Consider a U-tube in which a pure solvent such as water in the right arm is brought into contact with an aqueous solution made with a nonvolatile solute such as glucose (or any other soluble substance) in the left arm, and the two arms are separated by a semipermeable membrane (e.g., a selective membrane), permeable only to water, that is, solvent molecules. The two sides or arms of the U-tube are initially at the same height. It is observed that a pressure develops across the membrane that drives solvent molecules from the right arm into the left arm in an effort to dilute the solution and try to equalize concentrations in both arms. This pressure is called osmotic pressure, П, and the process is known as osmosis (Figure 1.2). It is given by the equation:


i = the van’t Hoff factor, which is equal to 1.00 since glucose is a nonelectrolyte,

M = the molarity of the solution,

R = the universal gas constant, 0.0821 Latm/Kmol,

T = the absolute temperature in Kelvins.

Sometime later, the system in the U-tube reaches equilibrium, and a height differential, AH, between the solution level on the left and pure solvent level on the right is observed. Because of this height differential, a hydrostatic pressure, AP, develops and remains, and is given by the equation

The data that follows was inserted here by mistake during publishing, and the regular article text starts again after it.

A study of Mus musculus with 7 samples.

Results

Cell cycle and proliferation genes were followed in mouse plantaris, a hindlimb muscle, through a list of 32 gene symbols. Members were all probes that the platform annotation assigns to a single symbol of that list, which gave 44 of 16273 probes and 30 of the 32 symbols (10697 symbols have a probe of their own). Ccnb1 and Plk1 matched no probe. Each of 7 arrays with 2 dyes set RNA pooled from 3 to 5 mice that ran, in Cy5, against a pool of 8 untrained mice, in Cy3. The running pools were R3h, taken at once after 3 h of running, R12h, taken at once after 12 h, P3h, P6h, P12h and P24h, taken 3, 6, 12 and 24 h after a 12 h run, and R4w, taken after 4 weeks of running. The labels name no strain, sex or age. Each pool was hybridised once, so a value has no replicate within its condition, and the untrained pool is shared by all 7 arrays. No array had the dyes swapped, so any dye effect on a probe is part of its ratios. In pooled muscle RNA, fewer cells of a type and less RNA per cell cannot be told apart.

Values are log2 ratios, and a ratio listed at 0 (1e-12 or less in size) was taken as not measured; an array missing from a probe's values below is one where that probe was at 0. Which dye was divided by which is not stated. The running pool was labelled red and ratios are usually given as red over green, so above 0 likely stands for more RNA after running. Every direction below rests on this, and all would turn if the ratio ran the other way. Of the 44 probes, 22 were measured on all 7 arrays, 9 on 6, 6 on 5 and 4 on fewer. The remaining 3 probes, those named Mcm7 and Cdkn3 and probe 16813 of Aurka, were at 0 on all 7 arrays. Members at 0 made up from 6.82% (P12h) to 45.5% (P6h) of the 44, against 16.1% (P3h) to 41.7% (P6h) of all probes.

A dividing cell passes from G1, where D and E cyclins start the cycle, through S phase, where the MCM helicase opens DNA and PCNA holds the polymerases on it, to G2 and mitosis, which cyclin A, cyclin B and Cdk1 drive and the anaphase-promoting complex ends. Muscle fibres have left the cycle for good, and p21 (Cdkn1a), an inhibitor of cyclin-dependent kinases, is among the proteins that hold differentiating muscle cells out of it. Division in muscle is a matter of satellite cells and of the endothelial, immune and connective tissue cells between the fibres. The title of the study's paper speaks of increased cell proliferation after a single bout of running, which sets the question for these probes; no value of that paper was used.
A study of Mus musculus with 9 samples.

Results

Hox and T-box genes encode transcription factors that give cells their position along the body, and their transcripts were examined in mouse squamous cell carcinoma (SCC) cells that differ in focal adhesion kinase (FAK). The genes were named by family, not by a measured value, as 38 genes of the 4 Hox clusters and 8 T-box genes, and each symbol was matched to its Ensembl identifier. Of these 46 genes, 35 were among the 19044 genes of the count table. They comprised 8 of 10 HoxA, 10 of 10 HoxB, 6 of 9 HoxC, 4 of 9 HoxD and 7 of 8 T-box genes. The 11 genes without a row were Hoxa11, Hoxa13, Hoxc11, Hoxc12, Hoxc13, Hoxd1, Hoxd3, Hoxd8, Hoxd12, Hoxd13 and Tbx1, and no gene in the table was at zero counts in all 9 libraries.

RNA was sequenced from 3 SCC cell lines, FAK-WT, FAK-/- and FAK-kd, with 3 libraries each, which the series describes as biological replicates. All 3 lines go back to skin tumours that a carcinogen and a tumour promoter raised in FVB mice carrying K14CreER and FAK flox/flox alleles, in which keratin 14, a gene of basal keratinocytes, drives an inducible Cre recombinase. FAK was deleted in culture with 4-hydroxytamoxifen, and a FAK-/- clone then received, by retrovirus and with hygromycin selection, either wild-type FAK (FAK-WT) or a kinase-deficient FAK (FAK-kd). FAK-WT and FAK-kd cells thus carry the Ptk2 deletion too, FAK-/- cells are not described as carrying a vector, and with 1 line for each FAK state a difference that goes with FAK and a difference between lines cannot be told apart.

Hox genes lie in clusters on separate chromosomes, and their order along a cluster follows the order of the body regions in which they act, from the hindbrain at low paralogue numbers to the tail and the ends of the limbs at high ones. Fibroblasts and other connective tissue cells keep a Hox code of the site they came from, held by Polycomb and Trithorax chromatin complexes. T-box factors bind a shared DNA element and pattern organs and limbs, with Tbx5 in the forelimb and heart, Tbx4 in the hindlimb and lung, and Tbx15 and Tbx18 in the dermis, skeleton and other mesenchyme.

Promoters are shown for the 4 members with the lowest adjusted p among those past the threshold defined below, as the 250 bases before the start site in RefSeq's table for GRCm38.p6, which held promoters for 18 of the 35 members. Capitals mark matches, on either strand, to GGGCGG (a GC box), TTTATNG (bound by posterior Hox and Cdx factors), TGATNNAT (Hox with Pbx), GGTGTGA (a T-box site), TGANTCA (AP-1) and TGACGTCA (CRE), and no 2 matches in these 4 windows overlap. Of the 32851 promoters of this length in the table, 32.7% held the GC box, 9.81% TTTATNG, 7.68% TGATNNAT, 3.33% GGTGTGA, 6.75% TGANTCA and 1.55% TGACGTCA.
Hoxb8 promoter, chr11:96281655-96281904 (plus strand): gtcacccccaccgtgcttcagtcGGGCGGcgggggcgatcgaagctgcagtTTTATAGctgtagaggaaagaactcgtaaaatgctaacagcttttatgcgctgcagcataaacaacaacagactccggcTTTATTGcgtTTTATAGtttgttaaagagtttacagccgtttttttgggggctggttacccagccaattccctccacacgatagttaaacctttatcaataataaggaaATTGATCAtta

where p = the density of the glucose solution, and g = the acceleration constant due to gravity.

In fact, the final hydrostatic pressure is equal to the initial osmotic pressure. Note the basic difference between osmosis and diffusion. Although both processes are driven by concentration gradients, a semipermeable membrane is present as a barrier in osmosis. No barrier is present in the process of diffusion.

Osmosis is a commonly occurring biological process, regulating and maintaining the proper concentrations of electrolytes in the cells of the human body. Osmometry is often used to find the molar mass (MM) of an unknown substance dissolved in solution through its molarity, M, when the other quantities—mass of unknown substance, volume of solution, temperature, and osmotic pressure—can be measured experimentally.

A calculation of osmotic pressure is shown in the following example.

Example 1.20

A very dilute sucrose solution of concentration 0.010 M in water is separated from pure water by an osmotic (i.e., semipermeable) membrane. Find the osmotic pressure that develops at 25 °C (298 K).


Use П = iMRr, where i = 1 for sugar and all other nonelectrolytes.

So П = (1)(0.010 M)(0.0821 L-atm/K-mol)(298 K) = 0.24 atm.

This result can also be converted into units of torr, if desired, since 1.0 atm = 760 Torr.

In that case, the osmotic pressure would be 182 Torr.